Ethelflaed (Aethelflaed) d. 918

Saxon  princess, ‘freedom figher’ and ruler of the Mercians

Ethelflaed was the daughter and first-born child of Alfred the Great.  She led her troops into battle against the Vikings and it was only with her active  support that her younger brother Edward, King of Wessex between 899 and 925, was able to rule and implement peace policies which led to a united England.

Early life

Ethelflaed leading her warriors into battle. Illustration from Cassel’s Illustrated History of England.

Ethelflaed’s mother was Ealhswith, a woman with two noble houses in her  bloodline; Ethelflaed’s sister, Ethelgiva, became the Abbess of Sharftsbury.  When Ethelflaed’s father Alfred came to power, the country was still in the  throes of on-going battles, dragging on in the aftermath of the Viking  invasions in the early- eighth century. Although Alfred won some initial  battles, within two years into his reign most of Mercia and Northumbria had  reverted to Danelaw (rule by the Vikings). Alfred was forced to flee,  retreating into the marshy wilderness of the Isle of Athelney (present day Somerset),  where the legend of the burning of the cakes is said to have occurred.

It is unlikely that Ethelflaed shared the dangers of her father’s exile:  the family would have been sent to a place of safety while Alfred made plans to  regain power. However there would seem little doubt that she must have been  aware, even as a young girl, of her father’s plight. The family’s fortunes were  dramatically reversed when Alfred won a resounding victory over the Danes at  Edington, Wiltshire, after which the enemy was driven back to their strongholds  in East Anglia, Mercia and Northumbria. Alfred, now undisputed King of Wessex,  went on to consolidate his victory and, by the end of his reign in 899, he  handed over to his son Edward, a stable and well-governed kingdom.

Warrior and Ruler of the Mercians

At some point during the golden years of her father’s reign, Ethelflaed  marrried Ethelred, Ealdorman of the Mercians, but was apparently widowed young.  After her husband’s death, Ethelflaed ruled in her husband’s stead, becoming  known as ‘The Lady of the Mercians’ – a soubriquet that put her on a par with  the Saxon Ealdormen of the time and which reflects the respect in which she was  held. When war broke out in 910, Edward immediately called on his powerful  sister for help. ‘Edward was materially assisted in these struggles by his  warlike sister Ethelflaed, widow of the Alderman [sic] of Mercia who, despite her sex, appears to have delighted in  arms’, writes the anonymous author of nineteenth-century Cassell’s Illustrated History of England – one of the few  historians to then credit Ethelflaed with the important role she played  alongside her brother, and to accord her her deserved place in history:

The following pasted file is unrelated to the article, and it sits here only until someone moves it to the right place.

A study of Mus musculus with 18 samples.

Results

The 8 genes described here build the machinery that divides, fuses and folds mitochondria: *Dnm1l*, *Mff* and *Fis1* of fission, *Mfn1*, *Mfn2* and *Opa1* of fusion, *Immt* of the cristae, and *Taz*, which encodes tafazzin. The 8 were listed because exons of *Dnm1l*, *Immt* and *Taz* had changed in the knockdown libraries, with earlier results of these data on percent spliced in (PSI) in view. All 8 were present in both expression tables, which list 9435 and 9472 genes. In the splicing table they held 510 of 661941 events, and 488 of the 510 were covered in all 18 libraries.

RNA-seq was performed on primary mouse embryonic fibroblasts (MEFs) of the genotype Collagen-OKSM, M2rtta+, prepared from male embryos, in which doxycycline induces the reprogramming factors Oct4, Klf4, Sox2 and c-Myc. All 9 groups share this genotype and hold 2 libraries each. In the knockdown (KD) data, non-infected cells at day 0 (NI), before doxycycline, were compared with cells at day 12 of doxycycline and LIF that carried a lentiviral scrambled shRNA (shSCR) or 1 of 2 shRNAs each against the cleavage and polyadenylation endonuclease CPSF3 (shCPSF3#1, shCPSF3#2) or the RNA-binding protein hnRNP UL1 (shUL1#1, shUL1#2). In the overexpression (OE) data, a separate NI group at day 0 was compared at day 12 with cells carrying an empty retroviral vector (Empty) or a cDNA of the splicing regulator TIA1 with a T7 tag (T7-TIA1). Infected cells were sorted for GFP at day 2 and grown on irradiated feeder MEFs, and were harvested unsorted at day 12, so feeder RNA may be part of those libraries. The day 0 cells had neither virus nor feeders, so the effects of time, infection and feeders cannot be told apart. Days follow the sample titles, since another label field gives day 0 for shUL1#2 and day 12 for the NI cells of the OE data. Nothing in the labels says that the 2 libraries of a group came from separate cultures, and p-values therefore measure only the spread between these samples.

Aided by her brother’s troops, she attacked the Welsh, who sided with  the Danes, and obliged them to pay tribute to her. Nothing, indeed, is more  remarkable in the history of this time than the ease and rapidity with which  Edward and his sister re-conquered the Danelagh, as the district inhabited by  the Danes was called. The reason of this prompt submission was that the two  warriors, as we may fairly call them, were not content with merely winning  battles, but took care to fortify and garrison the towns that fell into their  hands.

Etheflaed, evidently, was much more than simply a powerful ally to her  brother, offering ladylike support form the sidelines. She fought bloody  battles at his side and in his name, in addition to which she was an able general  and administrator. The author of Cassell’s  History records:

 At the time of her death in 918, the Lady of the Mercians had  re-conquered the country as far north as York and was actually treating for the  surrender of that city.

Edward went on to annexe all the Danelaw south of the Humber and was  acknowledged as overlord by the Danish King of York, the King of the Scots, the  King of the Strathclyde Britons, and many other warring chiefs.

Ethelflaed’s role in consolidating the Kingdom

Ethelflaed’s part in Edward’s victory should not be under estimated; on  her death Edward took over the lands in Mercia—‘an important step in the  consolidation of the kingdom’—and two important territories were brought under  one rule. Edward died in 925 and the wars between Saxon and Dane continued  unabated for some years. It was left to Edward’s son Athelstan (925-39) to  finally consolidate the victories won by his father and remarkable aunt.  Following a great victory at Brunanburgh in 837, his rule as overlord was  acknowledged throughout the country.

Ethelflaed’s legacy is immeasurable but—like her warrior forbear Cartimandua, who eight centuries earlier had led her troops into battle, only  to fade into obscurity—Ethelflaed, ‘of warlike fame, who delighted in arms’, is  a largely forgotten name.

This is an edited version taken from the book Infamous Yorkshire Women (The History Press, 2009) by Issy Shannon.